The Chef’s Choice 476 2-Stage Sharpener transforms your weary kitchen, hunting and pocket knives into razor sharp cutting instruments with dependable ease. The sharpener is simple in concept, solid in its fabrication and reliable in the way it goes about its business. The design is also free of right-hand bias which is good news for the lefty chefs out there.
We get asked regularly to recommend stones for the beginning sharpener. Everyone wants to get stones that will be of the most practical use. No one wants to waste money on something they will have to replace later. The goal is to get stones that can be used as a foundation for your future needs. But the number of options available can be bewildering to the inexperienced sharpener, leaving many wondering where to start.
Water stones can also be made out of natural or synthetic materials and they are fast becoming the most popular type of whetstone as they only require the use of water to lubricate the stone. They are not as messy to work with as an oil stone and deliver fast sharpening results but for even better results, soak the stone in water for 5 or 10 minutes.
When sharpening a knife, you're actually grinding away the existing blade to create a new edge. This is evidenced by the fact that upon completion, you can find tiny metal filings, called swarf, when wiping down the stone. Because the metal blade is actually being ground away, a high importance is placed on the technique and consistency of drawing a knife over the stone.
Sharp knives make the culinary world go round but finding the best knife sharpener isn’t as simple as walking into the store (do people still walk into stores?) and grabbing the first sharpener that presents itself. There are different types of electric sharpeners, some that are straightforward and some whose sharpening process involves as many as 3 or 4 stages. If you’re looking to keep things simple by using a sharpening stone well, there are 3 different types of them as well – oil, water and diamond – and they each have their pros and cons. So it can be confusing.
I had wanted a pair of sharpening stones for a while, so was enthused to get this last week. I watched a bunch of YouTube videos on how to use them and a deburring strop I also bought and wow, my kitchen and pocket knives are now wicked sharp. Pro tip: if you post anything about it on social media, family and friends will almost surely volunteer their knives for more practice...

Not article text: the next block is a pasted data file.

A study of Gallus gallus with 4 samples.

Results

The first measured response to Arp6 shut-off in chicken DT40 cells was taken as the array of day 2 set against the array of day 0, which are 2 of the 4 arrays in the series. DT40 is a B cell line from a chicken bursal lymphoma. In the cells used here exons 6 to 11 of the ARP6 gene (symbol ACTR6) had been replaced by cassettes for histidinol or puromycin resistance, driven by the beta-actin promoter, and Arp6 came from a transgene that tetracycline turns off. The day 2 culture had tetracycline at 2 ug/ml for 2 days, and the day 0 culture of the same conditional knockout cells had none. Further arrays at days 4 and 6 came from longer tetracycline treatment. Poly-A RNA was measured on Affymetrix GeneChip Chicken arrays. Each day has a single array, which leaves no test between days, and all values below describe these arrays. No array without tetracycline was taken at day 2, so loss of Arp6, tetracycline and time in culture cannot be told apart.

Be careful: Don’t move your fingers laterally along the edge, you’ll cut yourself. Feel for a rough area running from tip to heel. Again, it takes time to know what to expect because the best burr will be subtle. Just know that the bigger the burr, the more metal you are removing—more than necessary. Don’t worry, you won’t ruin the knife doing this. You’re learning here, and mistakes are part of the sharpening journey. Learn from them.
Feedback is something that is very important to most sharpeners, i.e. how the stone feels when you are using it. Does it feel smooth, creamy and silky or does it feel hard and scratchy. While feedback, pleasant or unpleasant may be a purchase deterring factor it really doesn’t have any effect on level of sharpness that the stone can deliver. Unless of course the feedback is so distracting that it hinders the sharpeners focus and enjoyment and as a result, the sharpener doesn’t like what he/she is doing so that ultimately it does have the potential to negatively impact the results.
Aluminum-Oxide oil stones are very popular man-made sharpening stones produced by an abrasives company called Norton and which are commonly called India Stones. Generally less expensive than Arkansas stones (aka Novaculite), these stones are graded coarse, medium, and fine and are designed for fast cutting. Yet, when the fine grit is used, they can also produce a relatively fine edge. Also, because India Oil Stones are both softer and coarser than Arkansas Stones, they are commonly used in conjunction with Novaculite to cut the initial edge bevels or, repair extremely dull or damaged edges before refining and polishing the bevel with an Arkansas Stone.
All stones require either water or oil as a lubricant to sharpen the knife. We prefer water stones because they’re easier to use, less messy and don’t have the possibility to go rancid like oil does. If you choose a water stone, all you have to do is either add water to the stone before placing the knife on the surface, or soak the stone in water for 10 minutes before use. You’ll want to read the instruction for the stone you purchase to find out how to use it properly.